May 20, 2003

State "Reed Act" Funds Are No Substitute for the Temporary Federal Unemployment Benefits Program
by Jessica Goldberg and Isaac Shapiro


This analysis finds:


In Many States, And For Most Exhaustees, Not Enough Reed Act Funds Are Available

Many states do not have enough remaining Reed Act funds to cover the costs of continuing the assistance provided to jobless workers by the TEUC program.  All told, nearly seven out of every 10 workers 68 percent who are likely to exhaust their regular state benefits in the next six months live in states where Reed Act funds are insufficient to replace benefits that would be provided by an extension of the current TEUC program.


Using Reed Act Funds To Replace TEUC Benefits Would Prompt Tax Increases In Many States And Diminish Opportunities To Improve State Programs

If Reed Act funds are spent to replace federal financing of additional weeks of unemployment insurance, many states would be forced to raise taxes on employers to maintain trust fund solvency.  Forty-nine states have triggers that automatically increase the unemployment tax levied on employers if state unemployment insurance trust funds fall below certain levels.  A recent General Accounting Office (GAO) report found that for 30 of the states with automatic tax-increase provisions, “Reed Act dollars helped them avoid automatically triggering these increases [in 2002], as UI trust fund balances declined.” [2]  GAO also projected that five additional states would have had higher employer taxes in 2003, absent the Reed Act funds.

A few states have used Reed Act funds to improve state unemployment insurance coverage, one of the intended uses of these funds.  Vermont used some of its Reed Act funds to increase weekly benefit amounts, and Connecticut, Georgia, and the District of Columbia intend to implement “alternate base periods” — which include a worker’s most recent employment history in determining eligibility for unemployment insurance — using their Reed Act distributions.  Diverting Reed Act funds to providing additional weeks of benefits (which, as noted just below, has typically been the role of the federal government) would make it less likely that additional states will use these funds to shore up state protection that fails to cover many unemployed workers — and especially workers who were employed in low wage jobs.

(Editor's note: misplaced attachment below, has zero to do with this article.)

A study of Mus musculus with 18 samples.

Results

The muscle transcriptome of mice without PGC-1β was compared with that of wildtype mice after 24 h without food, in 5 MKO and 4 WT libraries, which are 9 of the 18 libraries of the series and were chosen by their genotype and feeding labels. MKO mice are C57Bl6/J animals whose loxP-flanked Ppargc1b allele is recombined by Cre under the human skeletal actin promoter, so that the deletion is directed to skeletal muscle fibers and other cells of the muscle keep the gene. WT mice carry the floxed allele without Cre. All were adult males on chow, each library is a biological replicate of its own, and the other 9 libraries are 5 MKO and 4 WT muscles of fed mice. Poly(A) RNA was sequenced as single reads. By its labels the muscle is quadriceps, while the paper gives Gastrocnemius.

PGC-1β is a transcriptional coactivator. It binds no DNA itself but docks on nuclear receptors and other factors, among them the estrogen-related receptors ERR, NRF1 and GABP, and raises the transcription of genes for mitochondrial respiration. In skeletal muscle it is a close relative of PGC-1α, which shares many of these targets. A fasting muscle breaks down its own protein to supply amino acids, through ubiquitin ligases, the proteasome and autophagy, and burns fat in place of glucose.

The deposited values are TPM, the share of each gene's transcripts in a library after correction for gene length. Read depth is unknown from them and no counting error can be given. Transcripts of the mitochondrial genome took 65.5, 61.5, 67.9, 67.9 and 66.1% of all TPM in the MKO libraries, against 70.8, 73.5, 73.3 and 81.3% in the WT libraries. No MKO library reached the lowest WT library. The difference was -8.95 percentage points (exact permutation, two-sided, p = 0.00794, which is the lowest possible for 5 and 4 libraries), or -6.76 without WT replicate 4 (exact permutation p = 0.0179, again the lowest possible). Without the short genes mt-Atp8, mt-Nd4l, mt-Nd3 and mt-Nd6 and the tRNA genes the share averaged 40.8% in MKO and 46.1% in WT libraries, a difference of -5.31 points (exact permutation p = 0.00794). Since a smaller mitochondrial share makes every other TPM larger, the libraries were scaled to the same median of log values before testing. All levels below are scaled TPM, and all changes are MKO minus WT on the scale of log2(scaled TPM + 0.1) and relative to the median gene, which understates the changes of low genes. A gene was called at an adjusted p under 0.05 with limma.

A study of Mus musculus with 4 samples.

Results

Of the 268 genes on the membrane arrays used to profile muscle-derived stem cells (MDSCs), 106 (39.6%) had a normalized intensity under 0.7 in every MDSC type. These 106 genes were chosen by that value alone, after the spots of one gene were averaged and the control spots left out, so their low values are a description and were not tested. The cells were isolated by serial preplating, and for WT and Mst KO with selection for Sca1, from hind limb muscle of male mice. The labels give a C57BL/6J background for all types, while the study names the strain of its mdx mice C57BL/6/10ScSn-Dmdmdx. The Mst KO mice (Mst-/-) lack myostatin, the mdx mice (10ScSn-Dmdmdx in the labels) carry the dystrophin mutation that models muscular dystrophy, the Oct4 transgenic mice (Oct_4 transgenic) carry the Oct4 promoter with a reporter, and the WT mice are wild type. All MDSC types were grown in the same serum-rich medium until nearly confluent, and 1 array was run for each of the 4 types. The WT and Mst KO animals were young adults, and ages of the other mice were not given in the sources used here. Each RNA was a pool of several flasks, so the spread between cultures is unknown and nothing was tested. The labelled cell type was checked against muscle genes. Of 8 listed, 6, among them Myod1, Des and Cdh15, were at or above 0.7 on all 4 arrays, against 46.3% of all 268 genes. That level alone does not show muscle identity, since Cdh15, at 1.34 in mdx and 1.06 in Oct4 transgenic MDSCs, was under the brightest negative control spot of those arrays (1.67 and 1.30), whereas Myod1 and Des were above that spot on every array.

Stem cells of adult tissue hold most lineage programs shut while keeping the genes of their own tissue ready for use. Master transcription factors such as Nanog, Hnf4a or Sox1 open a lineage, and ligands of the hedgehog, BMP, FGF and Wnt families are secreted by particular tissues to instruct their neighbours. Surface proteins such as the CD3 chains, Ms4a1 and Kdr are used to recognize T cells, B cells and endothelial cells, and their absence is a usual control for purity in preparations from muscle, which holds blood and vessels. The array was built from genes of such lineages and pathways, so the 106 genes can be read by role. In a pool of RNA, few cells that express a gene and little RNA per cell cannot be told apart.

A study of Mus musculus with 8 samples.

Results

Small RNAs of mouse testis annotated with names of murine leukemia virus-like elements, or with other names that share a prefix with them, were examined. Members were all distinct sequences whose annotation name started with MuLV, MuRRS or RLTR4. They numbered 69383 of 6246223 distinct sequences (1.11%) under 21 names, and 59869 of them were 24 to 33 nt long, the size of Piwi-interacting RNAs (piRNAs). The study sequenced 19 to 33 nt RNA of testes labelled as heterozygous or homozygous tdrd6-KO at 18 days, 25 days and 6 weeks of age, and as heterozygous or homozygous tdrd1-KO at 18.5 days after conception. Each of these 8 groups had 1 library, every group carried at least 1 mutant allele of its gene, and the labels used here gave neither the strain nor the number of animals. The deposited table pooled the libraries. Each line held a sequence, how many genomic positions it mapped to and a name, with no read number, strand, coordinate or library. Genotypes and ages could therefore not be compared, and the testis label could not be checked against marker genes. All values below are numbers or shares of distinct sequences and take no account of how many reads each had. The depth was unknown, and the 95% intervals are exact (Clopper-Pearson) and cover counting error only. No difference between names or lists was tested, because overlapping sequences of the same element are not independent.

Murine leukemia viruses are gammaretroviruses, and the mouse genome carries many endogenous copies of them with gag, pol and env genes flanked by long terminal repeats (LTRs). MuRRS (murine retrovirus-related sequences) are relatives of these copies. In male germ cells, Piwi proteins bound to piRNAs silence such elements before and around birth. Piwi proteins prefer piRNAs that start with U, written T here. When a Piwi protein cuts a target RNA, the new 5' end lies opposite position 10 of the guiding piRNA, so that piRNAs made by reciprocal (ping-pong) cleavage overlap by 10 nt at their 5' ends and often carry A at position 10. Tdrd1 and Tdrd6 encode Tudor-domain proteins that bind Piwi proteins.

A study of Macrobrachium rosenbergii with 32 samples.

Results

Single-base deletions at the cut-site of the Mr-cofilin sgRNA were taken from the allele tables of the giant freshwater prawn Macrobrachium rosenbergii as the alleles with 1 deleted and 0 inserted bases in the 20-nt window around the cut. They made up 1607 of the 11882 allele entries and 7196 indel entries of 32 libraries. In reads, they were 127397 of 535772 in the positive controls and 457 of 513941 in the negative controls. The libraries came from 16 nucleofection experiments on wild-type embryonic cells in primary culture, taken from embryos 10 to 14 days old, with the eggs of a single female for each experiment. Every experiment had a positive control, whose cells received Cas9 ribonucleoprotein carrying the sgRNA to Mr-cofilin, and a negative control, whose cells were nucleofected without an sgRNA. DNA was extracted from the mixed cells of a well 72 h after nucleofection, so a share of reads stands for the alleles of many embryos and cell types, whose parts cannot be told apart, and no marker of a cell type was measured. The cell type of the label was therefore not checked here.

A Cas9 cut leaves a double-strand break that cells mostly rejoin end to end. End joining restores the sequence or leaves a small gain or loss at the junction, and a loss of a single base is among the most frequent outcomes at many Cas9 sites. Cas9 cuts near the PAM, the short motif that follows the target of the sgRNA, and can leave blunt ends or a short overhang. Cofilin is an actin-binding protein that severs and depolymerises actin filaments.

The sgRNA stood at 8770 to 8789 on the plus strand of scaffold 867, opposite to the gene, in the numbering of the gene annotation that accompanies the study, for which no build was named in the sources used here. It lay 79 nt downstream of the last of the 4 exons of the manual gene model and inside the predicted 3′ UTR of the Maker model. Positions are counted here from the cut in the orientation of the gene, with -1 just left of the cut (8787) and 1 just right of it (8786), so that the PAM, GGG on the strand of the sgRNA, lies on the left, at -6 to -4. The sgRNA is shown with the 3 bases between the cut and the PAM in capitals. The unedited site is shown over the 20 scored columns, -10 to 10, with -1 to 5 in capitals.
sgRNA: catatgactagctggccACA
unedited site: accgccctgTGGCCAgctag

In light of significant weaknesses in state unemployment insurance protection, it is particularly important that Reed Act funds be used more aggressively to shore up state programs, even if that may result in some tax increases.  (As noted below, the federal trust fund should continue to be used for providing additional benefits to those who exhaust their state benefits.)  Nonetheless, the political reality — as evidenced by state actions documented in the GAO report — is that many states will hesitate to use Reed Act funds for this purpose, or for the purpose of providing additional benefits, because of their desire not to raise taxes.


Additional Benefits Have Typically Been Provided By The Federal Government, And The Trust Fund To Be Used For This Purpose Remains Flush

During every period of labor market weakness since the end of World War II, it has been the federal government that has provided additional weeks of benefits to those workers who have exhausted their regular benefits.  This approach reflects the belief that it is appropriate for national policies to respond to weakness in the national economy.

The federal unemployment trust fund can easily handle the expense of not only continuing, but also strengthening, the TEUC program.  The federal trust fund holds over $20 billion — more than double the cost of extending the TEUC program for six more months and providing additional assistance to workers who have run out of all state and federal benefits and are still unemployed.  The level of the federal trust fund is also more than three times the amount of Reed Act funds remaining in state accounts.  A primary purpose of the federal trust fund is to pay for additional benefits during periods of national labor market weakness; that is, this trust fund has accumulated over the years with the explicit design that it be used to provide additional benefits during periods such as the current one.  Congress should act to continue this appropriate policy.

End Notes:

[1] Arkansas comes close to being able to do so.  While Arkansas’ remaining Reed Act funds are not sufficient to pay for 13 weeks of additional benefits for all workers expected to exhaust regular benefits in the state in the six months after TEUC expires, the funds would be sufficient to cover those workers for 12 weeks.

[2] “Unemployment Insurance:  States’ Use of the 2002 Reed Act Distribution,” United States General Accounting Office, March 2003.  GAO-03-496.